The title may seem like odd advice since this is a blog for writers.
Isn’t the first step of being a writer to … you know… write?
That may be true, but there are several good reasons not to start off your career as a writer by writing a book.
I just read a great article by Medium author Akshay Gajria called, “Please Do NOT Write a Book.” I highly recommend it.
The point Akshay makes is that a large number people have dreams of writing a book. And many of these people often have unrealistic expectations.
While there are all sorts of workshops and books out there training people how to write “12k” words a day, Akshay reminds his readers that much much more goes into a book than simply getting words down. There’s also editing and research.
While it may take 6 months to simply write a first draft, polishing that first draft into a quality product can take years. For me, it takes 2-3 years on average to write and finish a book. And that includes working on said book about 5 days a week.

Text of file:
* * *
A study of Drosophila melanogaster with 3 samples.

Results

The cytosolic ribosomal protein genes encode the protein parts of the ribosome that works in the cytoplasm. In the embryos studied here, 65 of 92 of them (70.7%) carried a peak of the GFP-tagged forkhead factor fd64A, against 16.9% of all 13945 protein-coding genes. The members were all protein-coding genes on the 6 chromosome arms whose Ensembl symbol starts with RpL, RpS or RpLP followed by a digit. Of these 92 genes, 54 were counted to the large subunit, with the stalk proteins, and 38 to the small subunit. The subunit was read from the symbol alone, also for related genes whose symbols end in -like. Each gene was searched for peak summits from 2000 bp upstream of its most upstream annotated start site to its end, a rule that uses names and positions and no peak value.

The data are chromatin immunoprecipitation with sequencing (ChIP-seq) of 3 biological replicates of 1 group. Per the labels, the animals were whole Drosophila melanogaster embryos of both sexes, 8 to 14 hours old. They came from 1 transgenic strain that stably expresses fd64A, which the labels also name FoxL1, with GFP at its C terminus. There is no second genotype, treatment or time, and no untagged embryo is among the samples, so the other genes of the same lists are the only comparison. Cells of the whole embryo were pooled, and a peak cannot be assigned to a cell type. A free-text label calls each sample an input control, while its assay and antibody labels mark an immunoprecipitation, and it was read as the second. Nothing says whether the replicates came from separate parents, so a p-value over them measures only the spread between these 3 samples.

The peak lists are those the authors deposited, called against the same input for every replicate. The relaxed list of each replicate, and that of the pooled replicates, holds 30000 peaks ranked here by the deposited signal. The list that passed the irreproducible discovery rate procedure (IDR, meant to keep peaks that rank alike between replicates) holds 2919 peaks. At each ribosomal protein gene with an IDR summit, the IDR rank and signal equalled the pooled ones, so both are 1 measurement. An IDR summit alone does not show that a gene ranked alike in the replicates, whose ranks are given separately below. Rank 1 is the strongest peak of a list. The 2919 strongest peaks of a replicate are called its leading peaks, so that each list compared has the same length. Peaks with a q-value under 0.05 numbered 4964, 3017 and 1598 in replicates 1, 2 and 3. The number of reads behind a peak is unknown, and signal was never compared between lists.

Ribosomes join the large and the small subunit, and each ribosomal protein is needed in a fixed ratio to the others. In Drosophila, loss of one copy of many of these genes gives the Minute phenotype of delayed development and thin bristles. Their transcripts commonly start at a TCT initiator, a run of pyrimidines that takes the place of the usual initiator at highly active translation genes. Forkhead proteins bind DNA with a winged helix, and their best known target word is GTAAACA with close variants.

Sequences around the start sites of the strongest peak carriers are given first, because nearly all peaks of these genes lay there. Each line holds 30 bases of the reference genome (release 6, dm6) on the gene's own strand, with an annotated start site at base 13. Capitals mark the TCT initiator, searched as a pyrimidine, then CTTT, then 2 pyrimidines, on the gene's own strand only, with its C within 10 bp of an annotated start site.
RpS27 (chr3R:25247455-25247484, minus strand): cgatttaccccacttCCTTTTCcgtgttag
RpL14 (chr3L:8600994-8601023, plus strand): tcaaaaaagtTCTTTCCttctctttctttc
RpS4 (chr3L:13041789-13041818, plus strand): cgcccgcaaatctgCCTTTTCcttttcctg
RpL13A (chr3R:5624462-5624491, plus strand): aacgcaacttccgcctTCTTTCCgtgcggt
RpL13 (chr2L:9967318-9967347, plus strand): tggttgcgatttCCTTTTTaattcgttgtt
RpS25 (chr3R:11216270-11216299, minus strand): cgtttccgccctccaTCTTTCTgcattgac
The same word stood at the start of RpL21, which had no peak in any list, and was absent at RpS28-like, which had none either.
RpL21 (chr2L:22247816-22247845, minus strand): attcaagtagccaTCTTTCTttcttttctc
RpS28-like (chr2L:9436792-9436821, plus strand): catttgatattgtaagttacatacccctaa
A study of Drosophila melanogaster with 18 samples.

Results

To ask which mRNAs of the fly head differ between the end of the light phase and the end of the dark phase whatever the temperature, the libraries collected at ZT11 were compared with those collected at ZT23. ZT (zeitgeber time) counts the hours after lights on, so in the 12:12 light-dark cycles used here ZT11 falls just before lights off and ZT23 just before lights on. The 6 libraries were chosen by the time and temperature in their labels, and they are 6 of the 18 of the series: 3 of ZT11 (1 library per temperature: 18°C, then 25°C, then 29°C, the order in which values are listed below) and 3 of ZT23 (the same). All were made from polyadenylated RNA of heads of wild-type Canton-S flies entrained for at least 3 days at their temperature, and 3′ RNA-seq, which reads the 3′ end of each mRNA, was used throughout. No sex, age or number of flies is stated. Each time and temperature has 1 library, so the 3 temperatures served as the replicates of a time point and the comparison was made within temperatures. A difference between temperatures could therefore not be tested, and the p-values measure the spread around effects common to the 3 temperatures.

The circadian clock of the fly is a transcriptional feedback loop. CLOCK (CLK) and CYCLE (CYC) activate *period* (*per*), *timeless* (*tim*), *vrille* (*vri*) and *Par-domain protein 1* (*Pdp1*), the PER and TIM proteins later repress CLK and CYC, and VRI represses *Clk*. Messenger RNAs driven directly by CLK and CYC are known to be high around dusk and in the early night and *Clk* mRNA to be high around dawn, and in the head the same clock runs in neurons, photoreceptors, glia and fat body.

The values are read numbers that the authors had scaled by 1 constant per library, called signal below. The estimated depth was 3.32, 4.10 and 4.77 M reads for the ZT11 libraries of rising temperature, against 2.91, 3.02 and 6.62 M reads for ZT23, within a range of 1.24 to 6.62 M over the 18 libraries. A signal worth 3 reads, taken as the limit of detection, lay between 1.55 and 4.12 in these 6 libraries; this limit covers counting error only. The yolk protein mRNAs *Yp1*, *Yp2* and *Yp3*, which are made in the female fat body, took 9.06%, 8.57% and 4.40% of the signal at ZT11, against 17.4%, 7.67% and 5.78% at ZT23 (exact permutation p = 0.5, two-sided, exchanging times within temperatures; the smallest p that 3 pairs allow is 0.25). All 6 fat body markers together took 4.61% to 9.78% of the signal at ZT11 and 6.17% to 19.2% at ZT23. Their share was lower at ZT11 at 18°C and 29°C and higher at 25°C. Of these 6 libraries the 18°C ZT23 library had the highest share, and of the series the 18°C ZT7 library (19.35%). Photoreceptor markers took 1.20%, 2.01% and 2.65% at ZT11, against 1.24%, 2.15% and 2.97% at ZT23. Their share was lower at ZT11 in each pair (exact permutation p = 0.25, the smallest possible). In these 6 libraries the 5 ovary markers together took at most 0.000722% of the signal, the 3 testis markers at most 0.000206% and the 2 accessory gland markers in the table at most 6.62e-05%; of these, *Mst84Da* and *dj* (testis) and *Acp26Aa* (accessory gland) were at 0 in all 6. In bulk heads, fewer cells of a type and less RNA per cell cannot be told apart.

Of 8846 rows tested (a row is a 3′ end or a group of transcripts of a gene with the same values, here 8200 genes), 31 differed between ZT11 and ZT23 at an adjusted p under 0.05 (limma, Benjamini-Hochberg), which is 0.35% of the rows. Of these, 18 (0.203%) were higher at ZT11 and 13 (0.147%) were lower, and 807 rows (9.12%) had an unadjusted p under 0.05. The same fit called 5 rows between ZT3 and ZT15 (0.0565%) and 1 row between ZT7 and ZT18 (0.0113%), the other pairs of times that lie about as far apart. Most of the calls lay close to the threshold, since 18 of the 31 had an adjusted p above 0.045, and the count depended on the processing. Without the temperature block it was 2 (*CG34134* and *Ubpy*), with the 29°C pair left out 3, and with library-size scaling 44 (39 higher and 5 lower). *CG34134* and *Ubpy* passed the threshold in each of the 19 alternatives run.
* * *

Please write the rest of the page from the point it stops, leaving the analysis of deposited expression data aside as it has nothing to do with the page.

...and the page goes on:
Writing a book is not a mere passion project. It’s a major commitment. And it’s something that takes skill. One must know how to structure a story, create compelling characters, have a logical plot, good pacing and quality description.
A great point that Akshay made is that one should build their skill by writing short stories first. Short stories require a much smaller time commitment. They are also much easier to get published than novels. A publisher takes a smaller financial risk on a short story than a novel.
Many of the most famous authors today got their start with short stories, including Stephen King and George R.R. Martin.
Short stories are also a good way to build your portfolio, get your name out there and build an audience before you make the major commitment to write a book.
If you enjoyed this advice, please read Akshay Gajria’s article, “Please Do Not Write a Book.”